Posted in: Blogs , English

If one thing is clear after months dealing with the coronavirus is that the virus is here to stay until we get an effective vaccine. But as the CDC states in its guidance for reopening, we can safely get back to doing the things we love in a thoughtful manner and by practicing social distancing and other healthy behaviors to reduce the risk of exposure to the virus that causes COVID-19.

While nothing is without risk, there are some low-risk and moderate-risk activities to consider, as ranked by the Texas Medical Association. Please assume that participants in these activities are following currently recommended safety protocols when possible.

Low Risk Activities

Going camping, playing tennis, and getting restaurant takeout are actually on the low end of the spectrum when it comes to potentially being exposed to the virus. You can safely do these activities as long as you continue to practice healthy behaviors, like washing your hands, keeping a physical distance from others, wearing a mask, and not touching your face.

Low-Moderate Risk Activities

Playing golf, going to a museum, spending an hour at the playground, and staying at a hotel for two nights are considered low-moderate risk activities. Going for a walk, run, or bike ride with others is also not considered as risky. Hiking is also a relatively low-risk activity. Go early in the day to avoid the heat, pack plenty of water and snacks, and bring a mask just in case you can’t maintain a proper distance. And if you go golfing, be sure to bring your mask and any equipment you may need so you don’t have to borrow anything from anyone else.

Moderate Risk Activities

Things like having dinner at a friend’s house, attending a backyard barbeque, sending kids to school or camp, and swimming in a public pool are considered moderate risk activities. For these types of activities, it becomes increasingly important to follow strict safety protocols, such as strict hand hygiene, maintaining a physical distance, and wearing a mask. If going for a swim, go during an off-time when fewer people are around, avoid communal surfaces like picnic tables and lounges, and wear a mask when not in the water.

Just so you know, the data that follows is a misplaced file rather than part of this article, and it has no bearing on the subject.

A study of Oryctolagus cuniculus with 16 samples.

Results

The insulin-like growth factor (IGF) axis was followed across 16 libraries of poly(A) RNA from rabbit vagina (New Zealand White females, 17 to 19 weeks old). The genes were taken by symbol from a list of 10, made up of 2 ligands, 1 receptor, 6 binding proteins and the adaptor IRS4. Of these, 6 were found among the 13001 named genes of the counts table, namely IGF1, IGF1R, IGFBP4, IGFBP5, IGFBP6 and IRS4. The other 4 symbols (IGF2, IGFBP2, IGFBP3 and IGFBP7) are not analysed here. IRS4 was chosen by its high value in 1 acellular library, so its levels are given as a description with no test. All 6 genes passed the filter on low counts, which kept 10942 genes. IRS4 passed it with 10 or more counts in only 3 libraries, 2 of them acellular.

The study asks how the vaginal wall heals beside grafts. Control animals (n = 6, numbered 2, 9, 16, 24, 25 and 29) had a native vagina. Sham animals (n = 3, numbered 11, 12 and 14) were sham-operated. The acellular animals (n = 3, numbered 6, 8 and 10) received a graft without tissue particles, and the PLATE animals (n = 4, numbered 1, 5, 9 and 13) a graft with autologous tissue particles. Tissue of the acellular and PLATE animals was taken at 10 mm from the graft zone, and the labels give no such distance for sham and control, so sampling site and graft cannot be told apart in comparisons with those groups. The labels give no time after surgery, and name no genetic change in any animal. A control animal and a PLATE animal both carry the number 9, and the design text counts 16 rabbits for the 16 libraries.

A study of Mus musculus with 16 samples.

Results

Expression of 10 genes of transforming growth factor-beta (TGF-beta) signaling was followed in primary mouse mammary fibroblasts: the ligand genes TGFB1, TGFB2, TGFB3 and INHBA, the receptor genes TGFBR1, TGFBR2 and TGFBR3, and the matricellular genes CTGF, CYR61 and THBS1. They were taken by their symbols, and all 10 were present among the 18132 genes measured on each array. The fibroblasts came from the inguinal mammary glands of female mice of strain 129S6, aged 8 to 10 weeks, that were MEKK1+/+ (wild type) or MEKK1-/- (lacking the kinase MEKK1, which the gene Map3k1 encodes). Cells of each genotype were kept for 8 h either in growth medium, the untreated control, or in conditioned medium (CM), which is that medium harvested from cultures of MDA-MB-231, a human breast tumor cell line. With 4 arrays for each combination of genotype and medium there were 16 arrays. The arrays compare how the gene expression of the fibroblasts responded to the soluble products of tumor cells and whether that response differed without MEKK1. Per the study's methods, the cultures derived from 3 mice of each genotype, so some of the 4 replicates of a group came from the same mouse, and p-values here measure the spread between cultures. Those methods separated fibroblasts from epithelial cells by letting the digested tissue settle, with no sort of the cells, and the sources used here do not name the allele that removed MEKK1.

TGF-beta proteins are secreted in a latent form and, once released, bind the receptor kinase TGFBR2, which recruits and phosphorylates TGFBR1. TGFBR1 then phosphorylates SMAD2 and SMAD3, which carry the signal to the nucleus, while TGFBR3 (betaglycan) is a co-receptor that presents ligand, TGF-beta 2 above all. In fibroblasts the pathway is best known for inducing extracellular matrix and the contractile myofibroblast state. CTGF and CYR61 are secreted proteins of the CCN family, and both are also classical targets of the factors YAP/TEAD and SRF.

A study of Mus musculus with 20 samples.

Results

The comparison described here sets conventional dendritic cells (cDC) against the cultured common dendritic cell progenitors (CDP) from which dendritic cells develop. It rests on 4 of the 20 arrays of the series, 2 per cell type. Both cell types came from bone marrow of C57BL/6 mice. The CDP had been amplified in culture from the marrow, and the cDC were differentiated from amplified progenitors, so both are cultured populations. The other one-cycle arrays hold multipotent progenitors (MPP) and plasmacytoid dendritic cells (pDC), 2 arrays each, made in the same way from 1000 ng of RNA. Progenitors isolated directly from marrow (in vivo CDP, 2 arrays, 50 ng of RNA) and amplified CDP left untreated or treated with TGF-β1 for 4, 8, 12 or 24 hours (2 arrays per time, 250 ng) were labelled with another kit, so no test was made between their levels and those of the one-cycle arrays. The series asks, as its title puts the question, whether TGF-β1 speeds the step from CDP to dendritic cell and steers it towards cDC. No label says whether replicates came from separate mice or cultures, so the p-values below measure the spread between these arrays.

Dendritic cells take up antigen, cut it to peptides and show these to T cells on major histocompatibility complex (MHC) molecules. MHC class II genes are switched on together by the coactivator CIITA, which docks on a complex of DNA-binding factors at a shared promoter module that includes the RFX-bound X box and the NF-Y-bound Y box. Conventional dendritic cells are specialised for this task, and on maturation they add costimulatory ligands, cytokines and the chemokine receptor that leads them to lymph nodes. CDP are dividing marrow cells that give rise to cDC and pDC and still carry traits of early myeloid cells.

Moderate-High Risk Activities

Playing group sports like basketball, football, and soccer is riskier than activities in the low-moderate or moderate categories because it involves getting close to people who are breathing more heavily than usual, pushing more saliva droplets into the air. Eating at a restaurant (inside), going to a hair salon, and traveling by plane are also considered moderate-high risk. Again, if you have to engage in any of these activities, make sure you are following strict safety protocols.

High Risk Activities

While movie theaters are only seating 25% of their capacity, going to see a show can still be risky business. Sitting in a theater with strangers for two hours can allow the virus to spread throughout the air. Instead, try renting a new movie at home and popping a batch of popcorn to enjoy from the comfort of your couch. Attending a large music concert or sporting event, going to mass with 500+ worshippers, and working out at a gym are also high-risk activities and should be avoided at all costs. Consider doing virtual workouts and attending a virtual service to avoid large crowds.

Be Informed: Know Your Risk During COVID-19

If you are cautious and continue to practice healthy behaviors, you can still enjoy many of your favorite activities, and you and your family can feel confident in knowing we’re here to provide the care you need, whenever you need it. Having established the highest safety protocols, our clinics and hospitals are open for in-person appointments so you can keep your health on track. For minor injury and illness, you can schedule a virtual visit with a Baylor St. Luke’s Medical Group primary care physician.

A 9-point checklist to playing golf safely during the coronavirus
Today | Is it OK to go to the mall? Experts discuss the safest and riskiest spots to visit
Bloomberg | America’s Retailers Return to Lure Shoppers to Malls
NY Times | Was That a Cough? Going Back to the Movies in Texas

Because the situation surrounding COVID-19 is constantly evolving, some information may not be up to date. Stay informed by following information from your local officials and by visiting the CDC website.